Reading Quaker Faith & Practice – Chapter 3

Our meeting communities vary in size and in the circumstances and experience of their members. Sometimes we may need to vary the ways in which we manage our meetings for church affairs in order to make better use of the talents, time and energy of our members. Co-clerkship, for instance, has been beneficial in a number of meetings; sometimes the monthly pattern of business meetings has been varied to good effect. We should be open to learning from the experiments undertaken by other meetings. Being set in an unsatisfactory routine ‘because we’ve always done it this way’ may be as detrimental to seeking God’s guidance as throwing our traditions to the wind. We are enjoined to live adventurously, but experiment must be grounded in the experience of generations of Friends, which offers us a method, a purpose and principles for the right conduct of our business meetings.

If we sometimes think things are wrong with our meetings for church affairs, it would help us to look at the situation in perspective if we could realise how many troubles arise not from the system, but from our human imperfections and the variety of our temperaments and viewpoints. These meetings are in fact not merely occasions for transacting with proper efficiency the affairs of the church but also opportunities when we can learn to bear and forbear, to practise to one another that love which ‘suffereth long and is kind’. Christianity is not only a faith but a community and in our meetings for church affairs we learn what membership of that community involves.

Quaker Faith & Practice 3.03

This seems to me to be the core of Chapter 3. In embarking on reading this section I have, as so many Friends I suspect, quailed rather at spending so long on procedure, rather than on the spiritual or moral realities for which we meet. But here we read how we are “not only a faith but a community and in our meetings for church affairs we learn what membership of that community involves.”

If we can, it seems to me, approach all our many meetings and committees with full awareness of “our human imperfections and the variety of our temperaments and viewpoints”, then we can grow and serve the community which arises naturally from the practice of our faith together as Friends. Living adventurously together is an immense experiment, as experimental in its own way as our way of worship, and it is only in allowing ourselves, and each other, that full awareness not only of our fallibility and incompleteness, but of the right and inevitable variousness of our spiritual, intellectual and emotional characters (1 Corinthians 12), that we shall be able to be the community we are called to be: a community that celebrates, as it lives out, the inheritance of all the previous generations of Friends who have met together in the Light.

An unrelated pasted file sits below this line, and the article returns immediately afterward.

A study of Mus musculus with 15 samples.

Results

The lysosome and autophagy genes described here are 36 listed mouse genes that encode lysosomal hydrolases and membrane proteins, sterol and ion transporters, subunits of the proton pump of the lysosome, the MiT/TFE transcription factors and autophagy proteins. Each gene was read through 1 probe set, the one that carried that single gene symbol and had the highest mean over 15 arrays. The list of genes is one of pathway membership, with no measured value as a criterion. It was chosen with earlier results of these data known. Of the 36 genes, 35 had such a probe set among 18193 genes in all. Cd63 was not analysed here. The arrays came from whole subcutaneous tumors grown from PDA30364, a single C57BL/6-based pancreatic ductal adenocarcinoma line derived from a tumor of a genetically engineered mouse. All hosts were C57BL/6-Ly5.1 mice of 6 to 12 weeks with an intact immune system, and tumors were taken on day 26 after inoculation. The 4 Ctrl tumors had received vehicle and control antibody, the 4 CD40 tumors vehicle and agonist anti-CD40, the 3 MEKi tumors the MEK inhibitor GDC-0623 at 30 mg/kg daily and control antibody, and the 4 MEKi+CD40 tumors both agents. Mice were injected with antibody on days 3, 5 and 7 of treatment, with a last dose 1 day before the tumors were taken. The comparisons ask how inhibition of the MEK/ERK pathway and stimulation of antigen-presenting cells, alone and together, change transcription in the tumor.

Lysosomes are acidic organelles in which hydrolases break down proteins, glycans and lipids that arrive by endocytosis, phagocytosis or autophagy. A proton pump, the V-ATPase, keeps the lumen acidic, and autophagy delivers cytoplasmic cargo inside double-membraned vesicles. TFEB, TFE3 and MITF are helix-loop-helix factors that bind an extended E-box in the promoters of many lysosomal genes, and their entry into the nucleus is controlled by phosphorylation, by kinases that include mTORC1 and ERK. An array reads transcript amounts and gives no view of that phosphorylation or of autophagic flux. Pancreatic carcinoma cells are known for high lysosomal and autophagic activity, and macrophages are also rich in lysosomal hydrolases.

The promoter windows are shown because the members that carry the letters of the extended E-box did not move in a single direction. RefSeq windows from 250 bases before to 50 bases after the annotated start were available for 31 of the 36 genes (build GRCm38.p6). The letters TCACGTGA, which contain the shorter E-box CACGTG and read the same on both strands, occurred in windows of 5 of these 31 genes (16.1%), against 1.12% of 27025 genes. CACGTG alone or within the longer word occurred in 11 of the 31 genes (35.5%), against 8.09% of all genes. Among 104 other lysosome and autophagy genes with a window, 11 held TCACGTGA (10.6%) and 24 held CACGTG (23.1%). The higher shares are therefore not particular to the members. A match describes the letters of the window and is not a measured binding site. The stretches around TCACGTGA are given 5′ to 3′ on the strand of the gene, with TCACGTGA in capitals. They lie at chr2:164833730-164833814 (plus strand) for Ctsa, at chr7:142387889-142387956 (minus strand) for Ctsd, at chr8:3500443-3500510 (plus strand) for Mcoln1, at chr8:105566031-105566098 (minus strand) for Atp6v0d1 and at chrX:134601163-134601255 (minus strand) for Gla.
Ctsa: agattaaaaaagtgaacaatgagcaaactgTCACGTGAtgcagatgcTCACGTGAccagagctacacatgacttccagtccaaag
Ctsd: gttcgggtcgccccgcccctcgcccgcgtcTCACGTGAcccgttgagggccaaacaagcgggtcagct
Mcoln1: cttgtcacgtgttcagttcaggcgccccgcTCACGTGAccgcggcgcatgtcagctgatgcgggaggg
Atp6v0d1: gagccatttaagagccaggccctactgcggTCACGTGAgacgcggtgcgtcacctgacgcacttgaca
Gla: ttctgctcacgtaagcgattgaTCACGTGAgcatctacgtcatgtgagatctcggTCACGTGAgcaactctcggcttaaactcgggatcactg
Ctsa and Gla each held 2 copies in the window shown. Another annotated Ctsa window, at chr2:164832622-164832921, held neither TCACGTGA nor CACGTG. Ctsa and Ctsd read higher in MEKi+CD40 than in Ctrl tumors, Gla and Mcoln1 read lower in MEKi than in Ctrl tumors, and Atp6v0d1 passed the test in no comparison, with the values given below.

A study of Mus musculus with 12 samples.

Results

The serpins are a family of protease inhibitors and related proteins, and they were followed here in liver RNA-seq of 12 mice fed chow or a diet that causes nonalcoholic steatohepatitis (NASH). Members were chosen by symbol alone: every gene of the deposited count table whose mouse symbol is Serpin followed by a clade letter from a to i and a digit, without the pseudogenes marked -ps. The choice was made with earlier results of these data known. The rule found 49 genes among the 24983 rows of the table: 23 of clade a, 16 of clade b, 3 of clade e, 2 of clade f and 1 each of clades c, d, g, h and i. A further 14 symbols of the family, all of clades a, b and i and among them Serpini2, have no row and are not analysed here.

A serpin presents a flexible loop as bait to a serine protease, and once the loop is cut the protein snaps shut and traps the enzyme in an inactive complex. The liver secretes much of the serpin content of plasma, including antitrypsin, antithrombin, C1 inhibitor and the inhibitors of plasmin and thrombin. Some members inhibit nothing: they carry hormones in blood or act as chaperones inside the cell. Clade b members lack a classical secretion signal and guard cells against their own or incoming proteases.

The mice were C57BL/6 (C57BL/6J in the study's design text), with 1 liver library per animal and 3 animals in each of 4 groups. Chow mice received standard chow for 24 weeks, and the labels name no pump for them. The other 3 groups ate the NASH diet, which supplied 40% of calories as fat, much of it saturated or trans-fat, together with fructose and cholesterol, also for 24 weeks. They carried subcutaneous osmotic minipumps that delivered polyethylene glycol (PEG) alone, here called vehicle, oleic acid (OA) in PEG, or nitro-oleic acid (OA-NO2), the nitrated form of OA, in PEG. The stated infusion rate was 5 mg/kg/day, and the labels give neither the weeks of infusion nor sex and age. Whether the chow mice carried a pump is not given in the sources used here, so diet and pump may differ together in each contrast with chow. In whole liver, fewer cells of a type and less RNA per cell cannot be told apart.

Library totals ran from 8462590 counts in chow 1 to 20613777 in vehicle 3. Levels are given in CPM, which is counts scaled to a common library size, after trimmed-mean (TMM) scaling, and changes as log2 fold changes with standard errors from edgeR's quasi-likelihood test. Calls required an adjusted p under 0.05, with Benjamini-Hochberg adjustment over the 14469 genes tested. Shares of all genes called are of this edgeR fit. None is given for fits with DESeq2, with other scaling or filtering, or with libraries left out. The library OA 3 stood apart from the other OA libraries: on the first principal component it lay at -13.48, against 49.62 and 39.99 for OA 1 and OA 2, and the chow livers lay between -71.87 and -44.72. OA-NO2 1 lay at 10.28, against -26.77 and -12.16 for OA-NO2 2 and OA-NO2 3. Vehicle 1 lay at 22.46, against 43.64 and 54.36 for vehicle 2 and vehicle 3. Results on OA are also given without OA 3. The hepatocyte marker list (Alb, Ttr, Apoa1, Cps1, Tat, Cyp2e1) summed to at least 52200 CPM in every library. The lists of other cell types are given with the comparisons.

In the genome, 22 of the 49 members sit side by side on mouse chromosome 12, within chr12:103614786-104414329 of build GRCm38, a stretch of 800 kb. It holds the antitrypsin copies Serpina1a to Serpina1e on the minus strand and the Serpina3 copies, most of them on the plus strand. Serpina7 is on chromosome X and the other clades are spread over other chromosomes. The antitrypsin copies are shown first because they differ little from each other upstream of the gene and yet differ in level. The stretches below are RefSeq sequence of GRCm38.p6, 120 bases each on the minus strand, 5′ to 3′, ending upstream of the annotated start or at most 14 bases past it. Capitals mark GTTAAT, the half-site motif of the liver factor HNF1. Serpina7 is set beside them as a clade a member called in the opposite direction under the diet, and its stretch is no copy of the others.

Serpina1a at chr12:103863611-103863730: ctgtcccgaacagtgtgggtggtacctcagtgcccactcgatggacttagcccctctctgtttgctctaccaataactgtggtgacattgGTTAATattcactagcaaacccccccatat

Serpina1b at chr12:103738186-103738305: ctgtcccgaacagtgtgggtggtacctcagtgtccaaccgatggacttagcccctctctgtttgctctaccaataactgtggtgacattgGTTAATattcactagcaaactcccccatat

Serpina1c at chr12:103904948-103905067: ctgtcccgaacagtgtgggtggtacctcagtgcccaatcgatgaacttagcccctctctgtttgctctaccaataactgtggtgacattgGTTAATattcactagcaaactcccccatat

2 thoughts on “Reading Quaker Faith & Practice – Chapter 3

  1. Sarah Rowbotham

    May I quote from Brian Darcy?
    Ask a few questions of institutions.
    a) What does this institution do for me?
    b) What does it do for any human being?
    c) If I cease to be of use to it how would the institution treat me?
    d)If the institution collapsed, what would it do to my life?
    e)What can I do to change the institution to make it more responsive to this modern world?
    The answers may surprise you!
    Quakers are only human and some will go to great lengths to maintain the status quo.
    It’s their comfort blanket, and change can be frightening, especially if you’re old. Unfortunately many who are deciding the future of Quakerism are stuck in this situation.

  2. Mike Farley Post author

    Apologies, Sarah Rowbotham, for not replying sooner to your comment.

    I think that for me, coming as I do from a long and various background of faith, one of the striking things about Quakerism is precisely the way that structures and means of governance take into account human fallibility, and allow Friends to reach often difficult decisions in full awareness of their own shortcomings.

    If anyone would observe the “great lengths [to which people will go] to maintain the status quo” they would only have, for instance, to volunteer for a country PCC in the Church of England, during deliberations on whether to dismantle the pews in favour of moveable chairs, or exchange the decrepit and ruinously expensive to maintain Victorian organ for a modern digital one. The tragedy is that under such circumstances, unless it is by the prayers of those often not directly involved, there is great difficulty in allowing the Spirit into the proceedings. Quakers do, at least in theory, have “a method, a purpose and principles for the right conduct of our business meetings” that allow decisions to be reached not by consensus, nor by majority rule, but by spiritual discernment, and that seems to me a good start.